This story was originally published June 26, 1990
Nelson Mandela arrives in Atlanta today for a visit designed to link the South African nationalist to the memory of Dr. Martin Luther King Jr. and the civil rights movement.
During his stay, the 71-year-old African National Congress leader will visit the King Center, renew acquaintances with Coretta Scott King and lay a wreath at Dr. King's grave.
He also will meet civil rights leaders at Big Bethel AME Church and address an evening rally at Georgia Tech. ANC officials canceled Mr. Mandela's appearance at Morehouse College, where he was to have been given honorary degrees, but college officials said the ceremony would be held anyway.
"Mandela at King's tomb provides a symbolic link between these two great leaders that history unfortunately has prevented from meeting, " said Eleanor Holmes Norton, who helped lead the U.S. effort to step up pressure on the South African government in the mid-1980s.
Lindiwe Mabuza, chief ANC representative in the United States, has described including Atlanta in Mr. Mandela's 10-day U.S. tour as "natural in view of Atlanta's central role in the civil rights movement."
Mrs. King and the Rev. Joseph E. Lowery, president of the Southern Christian Leadership Conference, which Dr. King founded, have met Mr. Mandela in Africa. Dr. King and his father, the Rev. Martin Luther King Sr., corresponded with ANC leaders in the 1950s and 1960s.
Rich in symbolic tributes, the day also is expected to give Mr. Mandela a respite from the criticism he has faced in Washington for his refusal to renounce violence in South Africa and his continued support of Palestine Liberation Organization Chairman Yasser Arafat, Cuban President Fidel Castro and Libyan leader Moammar Gadhafi. He also is likely to stir controversy when he visits Miami, where Cuban-Americans have lashed out at his warm words for Mr. Castro.
In Atlanta, Jewish leaders Tuesday acknowledged "fundamental differences" with Mr. Mandela over his statements last week. However, "respect and admiration for Mr. Mandela in his leadership of the fight against apartheid is not diminished, " they said in a statement issued by the American Jewish Committee, the Anti-Defamation League and the Atlanta Jewish Federation.
The only demonstration expected is one led by activist Hosea Williams to protest the $5 charge for tickets at the rally. Mr. Williams wants to march from the Imperial Hotel, which was occupied last week by the homeless, to the Georgia Tech rally.
Although no disruptions are expected, federal, state and local authorities responsible for security aren't taking any chances.
With more than 300 city and Fulton County police officers, Georgia Bureau of Investigation agents and U.S. State Department agents assigned to protect Mr. Mandela and his entourage, the whirlwind Atlanta tour is being treated like a presidential visit.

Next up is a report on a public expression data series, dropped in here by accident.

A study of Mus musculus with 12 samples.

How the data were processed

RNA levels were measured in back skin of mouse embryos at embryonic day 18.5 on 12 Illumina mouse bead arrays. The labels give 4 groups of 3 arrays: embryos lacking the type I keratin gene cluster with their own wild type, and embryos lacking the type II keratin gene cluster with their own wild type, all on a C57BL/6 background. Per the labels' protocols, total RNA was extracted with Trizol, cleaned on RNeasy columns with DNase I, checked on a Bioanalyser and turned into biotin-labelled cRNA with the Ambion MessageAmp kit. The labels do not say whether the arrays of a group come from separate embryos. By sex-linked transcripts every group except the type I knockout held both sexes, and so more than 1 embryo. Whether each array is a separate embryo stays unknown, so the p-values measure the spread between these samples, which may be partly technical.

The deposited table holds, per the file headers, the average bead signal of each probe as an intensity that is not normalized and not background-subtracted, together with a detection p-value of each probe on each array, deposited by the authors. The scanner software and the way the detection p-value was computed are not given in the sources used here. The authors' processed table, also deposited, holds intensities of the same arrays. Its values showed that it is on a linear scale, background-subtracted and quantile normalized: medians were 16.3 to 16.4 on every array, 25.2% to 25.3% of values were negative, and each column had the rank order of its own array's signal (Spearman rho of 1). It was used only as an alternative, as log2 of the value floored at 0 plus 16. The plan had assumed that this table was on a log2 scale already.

"That, and more, " said Atlanta Maj. W.W. Holley, who commands the city's special operations unit. "We're going to take every measure to ensure that the route is safe. We'll be doing bomb sweeps, and we're going to remove anything that looks suspicious."
As he has elsewhere, Mr. Mandela will ride in an armored limousine provided by the State Department, Major Holley said, adding that all leaves for Atlanta police have been canceled.
In Fulton County, Assistant Police Chief Lewis Graham said 40 of his force's 200 officers will work security at Georgia Tech's Bobby Dodd Stadium, where Mr. Mandela will attend an evening rally.
South African trumpeter Hugh Masekela, Peabo Bryson, the Barefoot Ballet, African Dance Connection, the Antioch Baptist Church Mass Choir, the Jamaican reggae group Third World, the Rev. Harold E. Moore and 10- year-old Tiombe Lockhart are to perform at the rally.
The open-air stadium and mass of people is of particular concern, security officials said. It is the only public appearance for Mr. Mandela in Atlanta.
Fire and rescue units will be stationed at each of the four sites he will visit, said Fire Chief Thomas Perrin.
Concerns about Mr. Mandela's health prompted Chief Perrin to assign a doctor and paramedic to the Mandela motorcade, which will include a Grady Memorial Hos pital ambulance. Mr. Mandela also has his own doctor traveling with him.
Major Holley said Mr. Mandela's motorcade route will be well-secured and lined with nearly 1,000 barricades, but Atlanta officials have refused to disclose the exact route, citing security concerns.
Along the way, the ANC leader is likely to see some of the 130 colorful banners the city commissioned to mark the visit. The banners are flying on Auburn Avenue and Peachtree Street and near the Morehouse campus, said Holly Mull, Atlanta's manager of special events.
The banners have proved so attractive, in fact, that more than a dozen have been stolen, neatly clipped from flagpoles.
Atlanta Public Works Commissioner Chester J. Funnye said his workers are not on any special footing for the visit.
Extra "white wing" crews - foot patrols equipped with basket and broom - have been assigned to streets near the sites Mr. Mandela will visit, and workers have placed large flower pots at the sites and outside City Hall, where a Tuesday evening reception honored the ANC.